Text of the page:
India on Thursday questioned the need for the US state department to cite Prime Minister Narendra Modi’s example while justifying Washington’s decision to grant sovereign immunity to Saudi crown prince Mohammed bin Salam Al Saud (MBS) in the civil case over the October 2018 murder of dissident journalist Jamal Khashoggi.
“I fail to understand how the comment on Prime Minister Modi was either relevant, necessary or contextual,” external affairs ministry spokesman Arindam Bagchi said at his weekly briefing. Bagchi underscored that the two countries enjoy a very special relationship.
Khashoggi, a critic of MBS, is said to have been killed by Saudi agents in the Saudi consulate in Istanbul. Up against a barrage of questions on the US department of justice’s decision to grant sovereign immunity to the Saudi leader, state department principal deputy spokesman Vedant Patel had on Friday said: “This is not the first time that the United States has done this. It is a longstanding and consistent line of effort. It has been applied to a number of heads of state previously. Some examples: President Aristide in Haiti in 1993, President Mugabe in Zimbabwe in 2001, Prime Minister Modi in India in 2014, and President Kabila in the DRC in 2018. This is a consistent practice that we have afforded to heads of state, heads of government, and foreign ministers.”
As Gujarat chief minister, Modi had been denied a visa by the George W. Bush administration in 2005. The ban continued under the Barack Obama dispensation that followed, making it a bipartisan policy in view of the Gujarat riots of 2002. The US had also revoked an earlier visa issued to Modi in his personal capacity. But when the BJP won the 2014 Lok Sabha elections with Modi as its prime ministerial face, President Obama lifted the ban and during the congratulatory call invited him to visit Washington.
India slammed the United States Commission on International Religious Freedom (USCIRF) for bringing out yet another report flagging violations in the country. “We consider these as biased and inaccurate observations about India by USCIRF. They have a tendency to consistently misrepresent facts. This shows a lack of their understanding of India, our constitutional framework, plurality and our robust democratic system. Given its past record, we are not surprised to see that USCIRF continues to be guided by its prejudices and pursues a motivated agenda that calls into question its own credibility,” Bagchi said.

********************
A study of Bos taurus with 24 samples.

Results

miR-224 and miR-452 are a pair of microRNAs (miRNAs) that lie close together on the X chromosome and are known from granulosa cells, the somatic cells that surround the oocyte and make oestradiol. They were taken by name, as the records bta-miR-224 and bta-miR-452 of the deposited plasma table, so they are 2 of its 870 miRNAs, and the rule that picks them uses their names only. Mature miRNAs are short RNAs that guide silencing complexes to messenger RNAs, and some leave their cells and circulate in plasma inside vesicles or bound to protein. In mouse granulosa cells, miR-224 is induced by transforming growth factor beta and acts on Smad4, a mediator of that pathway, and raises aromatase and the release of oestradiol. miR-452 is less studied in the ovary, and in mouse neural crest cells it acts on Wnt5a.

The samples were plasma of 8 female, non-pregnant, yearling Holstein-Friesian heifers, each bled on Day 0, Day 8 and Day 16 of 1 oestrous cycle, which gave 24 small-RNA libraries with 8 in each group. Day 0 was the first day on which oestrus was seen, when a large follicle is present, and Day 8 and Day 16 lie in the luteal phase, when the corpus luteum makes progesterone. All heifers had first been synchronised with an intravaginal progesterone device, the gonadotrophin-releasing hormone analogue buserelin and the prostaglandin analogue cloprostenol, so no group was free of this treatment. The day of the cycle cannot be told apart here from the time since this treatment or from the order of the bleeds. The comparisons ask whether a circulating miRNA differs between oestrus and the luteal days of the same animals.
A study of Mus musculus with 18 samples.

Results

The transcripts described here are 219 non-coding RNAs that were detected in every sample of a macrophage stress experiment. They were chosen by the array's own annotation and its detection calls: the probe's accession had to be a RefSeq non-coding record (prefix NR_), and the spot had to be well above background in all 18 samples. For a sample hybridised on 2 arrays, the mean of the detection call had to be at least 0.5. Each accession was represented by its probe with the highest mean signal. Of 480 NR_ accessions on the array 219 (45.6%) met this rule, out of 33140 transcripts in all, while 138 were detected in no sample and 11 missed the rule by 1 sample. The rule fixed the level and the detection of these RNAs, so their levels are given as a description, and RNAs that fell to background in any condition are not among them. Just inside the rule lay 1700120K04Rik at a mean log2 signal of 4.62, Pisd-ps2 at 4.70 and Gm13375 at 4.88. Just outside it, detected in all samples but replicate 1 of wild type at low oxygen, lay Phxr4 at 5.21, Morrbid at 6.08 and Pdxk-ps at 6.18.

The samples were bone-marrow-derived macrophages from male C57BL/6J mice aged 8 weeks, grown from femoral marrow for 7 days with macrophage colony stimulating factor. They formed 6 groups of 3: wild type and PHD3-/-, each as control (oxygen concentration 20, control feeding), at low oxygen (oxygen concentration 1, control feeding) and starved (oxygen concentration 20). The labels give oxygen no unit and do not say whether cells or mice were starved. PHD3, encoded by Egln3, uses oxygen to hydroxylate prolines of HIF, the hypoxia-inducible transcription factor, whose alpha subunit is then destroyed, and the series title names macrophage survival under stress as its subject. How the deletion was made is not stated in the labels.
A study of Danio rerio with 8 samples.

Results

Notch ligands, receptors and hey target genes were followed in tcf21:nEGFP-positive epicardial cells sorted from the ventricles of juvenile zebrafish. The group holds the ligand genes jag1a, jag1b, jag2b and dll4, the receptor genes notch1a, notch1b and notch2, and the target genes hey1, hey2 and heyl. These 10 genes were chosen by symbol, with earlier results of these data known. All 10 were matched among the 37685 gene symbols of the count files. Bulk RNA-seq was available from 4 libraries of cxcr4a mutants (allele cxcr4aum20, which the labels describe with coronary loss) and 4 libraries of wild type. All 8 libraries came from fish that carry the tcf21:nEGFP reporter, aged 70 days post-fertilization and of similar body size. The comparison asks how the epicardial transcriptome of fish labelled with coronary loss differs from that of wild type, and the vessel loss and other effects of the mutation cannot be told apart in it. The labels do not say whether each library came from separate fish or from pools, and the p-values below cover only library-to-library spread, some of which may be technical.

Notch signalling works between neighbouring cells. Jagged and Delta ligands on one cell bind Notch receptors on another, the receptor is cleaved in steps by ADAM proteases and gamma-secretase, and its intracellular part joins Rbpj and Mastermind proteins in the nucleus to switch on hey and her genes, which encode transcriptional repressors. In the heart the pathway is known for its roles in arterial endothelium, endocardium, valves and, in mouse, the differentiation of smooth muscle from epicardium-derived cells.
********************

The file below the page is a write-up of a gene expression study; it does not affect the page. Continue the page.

Earlier this week, the USCIRF had come out with a country update for India. “This country update provides a broad overview of religious freedom conditions in India in 2021 and 2022. It examines how various policies adopted and implemented by the Indian government have cultivated an environment that is increasingly hostile toward religious minority communities. This trajectory, alongside an escalating government crackdown on civil society and dissent, is deeply alarming in a diverse, secular, and democratic country whose constitution is intended to protect religious freedom,” it said, listing a number of cases to back its assessment.
The USCIRF is an independent, bipartisan, US federal government commission created by the 1998 International Religious Freedom Act that monitors the universal right to freedom of religion or belief abroad. Successive governments, including those of the Congress-led UPA, have dismissed USCIRF reports that pointed out violations. For the past three years, the commission has recommended to the US state department that it place India on the list of “Countries of Particular Concern”.